Nicholas Christopher. Photo by Constance Christopher. Courtesy of Dial Press.
In Nicholas Christopher’s fourth novel, Franklin Flyer, his gifts as storyteller, poet, and film noir buff crystalize. Using crisp, vivid, and charged language, Christopher creates a series of colorful tableaux through which the eponymous hero glides like a double agent in a thriller. Much of the action takes place at night, in a shadowy world populated by thuggish men and glowing sirens who hold the promise of sex and danger—kittens who can turn into panthers. Like other Christopherian heroes, Franklin Flyer is a peripatetic orphan, a kind of Candide caught up in the vortex of history. He’s also an inventor, a man interested in arcane subjects: phrenology, Egyptology, astrology, the metal zilium, among other subjects that are woven into the book, but never gratuitously. Christopher makes learning about things into a kind of fun, Borgesian game. Like many of his characters, Franklin is in search of love—the father he never knew, a mother who died when he was a boy, and a woman he knows only as a face in a photograph.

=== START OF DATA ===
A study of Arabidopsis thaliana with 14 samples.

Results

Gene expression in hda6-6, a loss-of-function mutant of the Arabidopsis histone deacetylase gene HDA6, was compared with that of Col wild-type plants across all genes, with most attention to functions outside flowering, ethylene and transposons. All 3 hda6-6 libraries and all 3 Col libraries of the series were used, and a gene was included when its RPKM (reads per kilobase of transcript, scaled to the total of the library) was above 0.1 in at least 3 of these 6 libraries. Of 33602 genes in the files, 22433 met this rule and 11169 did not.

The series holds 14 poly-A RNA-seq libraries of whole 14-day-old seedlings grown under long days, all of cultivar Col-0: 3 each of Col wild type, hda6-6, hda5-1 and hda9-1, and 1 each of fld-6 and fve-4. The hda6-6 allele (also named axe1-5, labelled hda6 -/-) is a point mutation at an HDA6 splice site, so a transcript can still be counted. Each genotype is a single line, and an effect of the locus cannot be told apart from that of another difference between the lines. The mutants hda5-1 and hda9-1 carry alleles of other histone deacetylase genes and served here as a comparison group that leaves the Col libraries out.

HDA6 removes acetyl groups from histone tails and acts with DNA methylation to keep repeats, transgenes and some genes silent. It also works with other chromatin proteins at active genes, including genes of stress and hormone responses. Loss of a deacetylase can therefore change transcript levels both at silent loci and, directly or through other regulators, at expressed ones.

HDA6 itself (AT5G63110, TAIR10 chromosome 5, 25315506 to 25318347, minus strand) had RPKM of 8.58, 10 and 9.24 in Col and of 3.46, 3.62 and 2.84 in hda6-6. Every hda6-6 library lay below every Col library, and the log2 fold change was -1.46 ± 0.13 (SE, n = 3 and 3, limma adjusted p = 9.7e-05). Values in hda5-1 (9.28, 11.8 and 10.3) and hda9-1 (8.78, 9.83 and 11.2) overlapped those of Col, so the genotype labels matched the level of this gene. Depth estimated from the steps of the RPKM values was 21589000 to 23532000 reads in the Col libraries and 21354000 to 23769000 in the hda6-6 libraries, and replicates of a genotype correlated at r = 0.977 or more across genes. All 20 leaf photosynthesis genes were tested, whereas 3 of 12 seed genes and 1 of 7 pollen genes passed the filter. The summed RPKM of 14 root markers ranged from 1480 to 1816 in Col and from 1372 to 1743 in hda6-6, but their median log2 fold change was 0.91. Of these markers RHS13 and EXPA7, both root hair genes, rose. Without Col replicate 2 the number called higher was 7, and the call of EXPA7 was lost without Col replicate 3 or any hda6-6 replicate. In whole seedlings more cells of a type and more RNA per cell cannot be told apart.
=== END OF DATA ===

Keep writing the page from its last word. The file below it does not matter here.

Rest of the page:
It’s been a long time since I’ve read a work of such beauty that is also hugely entertaining. Serious contemporary novelists seem to have surrendered to film the ability to deliver an enthralling story; we look forward to new movies and to miniseries like The Sopranos to satisfy our need for storytelling the way people must have eagerly anticipated the new chapters of works by Balzac, Dickens, or Wharton. I mean it as the highest compliment when I say that Christopher’s new novel reads like a rollicking movie set against the background of the ’30s and ’40s, decades in which many of the defining events of the 20th-century occurred. Franklin Flyer belongs in the fine tradition of Graham Greene’s “entertainments,” Doctorow’s Ragtime, and, harking back to Victorian times, the adventure stories of Robert Louis Stevenson—the Stevenson who was beloved by Borges.
Franklin Flyer was published by the Dial Press in March 2002.